Sunday, March 15, 2009

Fact-Checking Is for Sissies?

First, congratulations to Tayler Hill, who most assuredly now holds the all-time Minnesota high school scoring record regardless of gender.

But, second, could her record-setting performance have been handled any more poorly by the adults? South High sources claimed that she had broken Katie Ohm's record on Feb. 17 in a game against Mpls. Roosevelt, but could not provide the evidence to support that claim. A review of published box scores showed that she was, in fact, 103 points short of the record at that time. Some leaped to Hill's support, saying that it was possible that some of the published box scores might be incorrect. But aside from the fact it was theoretically possible for some box scores to be incorrect, there was no actual evidence that any of them were.

A week or so later, the MSHSL ruled that indeed Hill was still short of the record. So she broke it (some would say, again) in the Twin City game against St. Paul Central. 

What was really troubling in all of this was the role of the mainstream media. Several prominent media outlets simply reported that Hill had broken the record on Feb. 17. One reporter responded to an email by saying, Well, we're in a tough position here. South High says she broke the record, so that's what we reported. And this was after the records of every game from Hill's illustrious career had been compiled and published in widely available sources.

But, what was worse were the subtle attacks upon those who had the ambition (or the gall, depending on your point of view) to do the media's job for them--that is, to check the facts. Pioneer Press columnist Bob Sansevere (or, rather, his headline writer) wrote, "Just give her the record, already." Sansevere chastised the "historians" (his quotation marks, as if to say "so-called historians") who actually looked up the records for being spoil sports. And he jumped all over the "the published box scores could be wrong" bandwagon. He said, well, what if somebody transposed a 1 and a 2, and a 2 and a 3, or dropped a digit. I've already accounted for 36 points in errors, he said, and that's just three games.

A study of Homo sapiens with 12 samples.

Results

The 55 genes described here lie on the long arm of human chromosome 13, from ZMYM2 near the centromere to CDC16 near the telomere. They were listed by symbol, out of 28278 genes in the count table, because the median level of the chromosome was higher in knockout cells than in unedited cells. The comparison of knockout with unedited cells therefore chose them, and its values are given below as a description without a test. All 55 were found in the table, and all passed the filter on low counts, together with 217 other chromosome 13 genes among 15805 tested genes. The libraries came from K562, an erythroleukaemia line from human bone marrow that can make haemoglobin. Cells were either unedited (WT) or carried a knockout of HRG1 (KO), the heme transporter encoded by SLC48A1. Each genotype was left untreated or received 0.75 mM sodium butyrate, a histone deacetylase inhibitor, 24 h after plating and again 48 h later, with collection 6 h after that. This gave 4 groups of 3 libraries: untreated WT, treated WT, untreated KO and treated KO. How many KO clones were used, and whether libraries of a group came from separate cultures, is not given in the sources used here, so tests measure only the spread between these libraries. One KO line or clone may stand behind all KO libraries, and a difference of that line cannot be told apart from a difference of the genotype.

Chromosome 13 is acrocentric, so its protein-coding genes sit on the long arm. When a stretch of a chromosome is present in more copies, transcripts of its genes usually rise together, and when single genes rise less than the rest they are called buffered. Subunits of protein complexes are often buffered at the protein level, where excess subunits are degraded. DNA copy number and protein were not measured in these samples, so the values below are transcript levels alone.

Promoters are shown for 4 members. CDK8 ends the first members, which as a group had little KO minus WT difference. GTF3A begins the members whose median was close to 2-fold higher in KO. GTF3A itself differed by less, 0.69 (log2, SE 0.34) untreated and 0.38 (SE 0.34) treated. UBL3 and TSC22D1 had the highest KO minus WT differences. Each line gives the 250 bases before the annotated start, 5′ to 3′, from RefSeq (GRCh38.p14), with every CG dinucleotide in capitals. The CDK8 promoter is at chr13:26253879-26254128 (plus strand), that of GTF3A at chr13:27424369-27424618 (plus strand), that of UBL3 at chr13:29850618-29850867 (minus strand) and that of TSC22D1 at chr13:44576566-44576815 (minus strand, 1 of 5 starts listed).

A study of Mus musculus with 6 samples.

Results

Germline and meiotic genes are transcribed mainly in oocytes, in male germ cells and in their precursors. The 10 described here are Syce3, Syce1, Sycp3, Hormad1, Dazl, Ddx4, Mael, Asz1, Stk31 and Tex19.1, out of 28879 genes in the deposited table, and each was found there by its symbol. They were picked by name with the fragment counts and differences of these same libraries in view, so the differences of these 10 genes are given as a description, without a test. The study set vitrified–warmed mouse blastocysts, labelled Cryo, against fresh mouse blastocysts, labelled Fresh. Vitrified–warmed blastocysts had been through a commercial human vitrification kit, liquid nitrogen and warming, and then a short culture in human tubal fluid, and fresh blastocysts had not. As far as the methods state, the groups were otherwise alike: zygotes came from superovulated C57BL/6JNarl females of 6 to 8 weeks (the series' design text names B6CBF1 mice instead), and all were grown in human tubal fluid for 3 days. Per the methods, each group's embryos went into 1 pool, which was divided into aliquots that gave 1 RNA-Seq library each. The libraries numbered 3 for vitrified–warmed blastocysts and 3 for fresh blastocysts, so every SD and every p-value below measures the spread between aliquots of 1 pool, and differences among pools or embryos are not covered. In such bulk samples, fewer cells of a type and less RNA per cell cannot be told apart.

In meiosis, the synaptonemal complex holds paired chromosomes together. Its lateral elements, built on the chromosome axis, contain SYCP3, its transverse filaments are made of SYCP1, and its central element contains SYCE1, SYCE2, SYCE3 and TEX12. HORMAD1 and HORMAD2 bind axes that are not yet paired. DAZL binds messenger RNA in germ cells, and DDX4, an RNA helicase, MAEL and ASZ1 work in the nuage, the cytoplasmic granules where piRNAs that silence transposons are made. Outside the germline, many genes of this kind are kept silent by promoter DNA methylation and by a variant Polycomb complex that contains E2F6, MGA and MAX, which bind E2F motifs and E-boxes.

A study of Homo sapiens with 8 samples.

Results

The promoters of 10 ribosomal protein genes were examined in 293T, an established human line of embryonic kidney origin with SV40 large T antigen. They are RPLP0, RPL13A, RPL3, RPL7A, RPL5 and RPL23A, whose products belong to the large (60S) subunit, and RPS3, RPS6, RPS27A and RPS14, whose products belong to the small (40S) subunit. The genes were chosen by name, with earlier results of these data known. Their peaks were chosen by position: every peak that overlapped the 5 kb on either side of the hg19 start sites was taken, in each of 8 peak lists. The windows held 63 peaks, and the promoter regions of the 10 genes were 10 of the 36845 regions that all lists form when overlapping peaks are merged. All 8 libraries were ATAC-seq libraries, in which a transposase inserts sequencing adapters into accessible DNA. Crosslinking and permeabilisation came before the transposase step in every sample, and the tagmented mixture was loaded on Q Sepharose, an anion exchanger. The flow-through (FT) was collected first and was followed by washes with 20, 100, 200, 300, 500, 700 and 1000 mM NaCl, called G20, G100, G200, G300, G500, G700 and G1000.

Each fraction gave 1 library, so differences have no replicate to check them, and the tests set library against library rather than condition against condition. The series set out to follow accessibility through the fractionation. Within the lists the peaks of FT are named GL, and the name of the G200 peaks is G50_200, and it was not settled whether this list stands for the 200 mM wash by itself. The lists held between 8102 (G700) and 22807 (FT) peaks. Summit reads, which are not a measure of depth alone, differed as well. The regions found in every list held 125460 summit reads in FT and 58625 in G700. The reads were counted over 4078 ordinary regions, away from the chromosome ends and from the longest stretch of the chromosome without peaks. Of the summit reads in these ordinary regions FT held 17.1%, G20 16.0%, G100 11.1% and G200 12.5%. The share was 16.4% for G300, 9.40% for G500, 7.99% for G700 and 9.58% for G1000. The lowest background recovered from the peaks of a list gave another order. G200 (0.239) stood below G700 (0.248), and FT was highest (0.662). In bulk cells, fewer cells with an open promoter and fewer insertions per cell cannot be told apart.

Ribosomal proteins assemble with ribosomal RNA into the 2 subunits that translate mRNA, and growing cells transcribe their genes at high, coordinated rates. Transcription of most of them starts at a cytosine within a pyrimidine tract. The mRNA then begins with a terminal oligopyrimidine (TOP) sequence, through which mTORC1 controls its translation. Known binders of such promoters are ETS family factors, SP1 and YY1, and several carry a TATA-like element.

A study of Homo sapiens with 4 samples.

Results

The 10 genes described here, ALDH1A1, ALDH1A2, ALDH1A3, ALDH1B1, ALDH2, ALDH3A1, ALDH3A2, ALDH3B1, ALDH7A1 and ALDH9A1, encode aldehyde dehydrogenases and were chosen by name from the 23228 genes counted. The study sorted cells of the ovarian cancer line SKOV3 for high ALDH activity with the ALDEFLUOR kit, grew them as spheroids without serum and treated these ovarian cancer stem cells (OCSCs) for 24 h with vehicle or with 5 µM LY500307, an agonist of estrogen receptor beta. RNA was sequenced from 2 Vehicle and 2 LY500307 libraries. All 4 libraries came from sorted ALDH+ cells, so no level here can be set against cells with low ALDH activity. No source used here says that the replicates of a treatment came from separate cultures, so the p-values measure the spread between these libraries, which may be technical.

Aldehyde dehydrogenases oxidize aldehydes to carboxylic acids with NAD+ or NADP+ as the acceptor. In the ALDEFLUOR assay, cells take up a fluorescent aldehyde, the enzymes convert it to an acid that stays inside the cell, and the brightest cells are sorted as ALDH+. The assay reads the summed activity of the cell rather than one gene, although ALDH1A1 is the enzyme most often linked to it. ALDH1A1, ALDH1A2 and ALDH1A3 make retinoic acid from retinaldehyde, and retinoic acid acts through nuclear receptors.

Forget, of course, that he had imagined and invented these errors out of whole cloth. But, c'mon, he seemed to say, she's just a kid. Give her a break. Besides, it's just sports. And it's just high school sports at that. Who cares?

Well, fortunately, some people cared. Kevin Anderson and Matt Peterson, who researched the box scores. The MSHSL, which had the courage to make the call. But no thanks to the mainstream media and to those "sports reporters" whose attitude seems to be that, where sports is concerned, fact-checking is for sissies, and why let the facts get in the way of a good story?


  1. Here is a fact the nobody has pointed out, the MSHSL is/was looking into Katie Ohm's high school total at the same time they looked at Hill's. Any word on that?

    What the whole "sissy" thing boils down to is that the MSHSL keeps no records, gathers no records, and worst of all does not require information to be sent in to keep records.

    Kevin and Matt I am sure do a great job but I have to agree with the view that the box scores in the paper are way less accurat then you would think.

    And to show this point, L. McKinnzie made the U of M box score a few weeks back, while he has completed his 4 years and is playing overseas right now. How about that for accuracy!

  2. Once again the argument seems to be that box scores could possibly be wrong, and therefore any one number is just as good as any other. I'm not buyin' it. You use the best evidence you've got. And, in this case, the box scores are not only the best evidence, they're the only evidence. South says scorebooks from two of Hill's earlier seasons have been mislaid. Maybe they could go check the opponents' books. But there's also the fact that three years' worth of scorebooks remain, and no one has shown a single box score over those three years to be in error.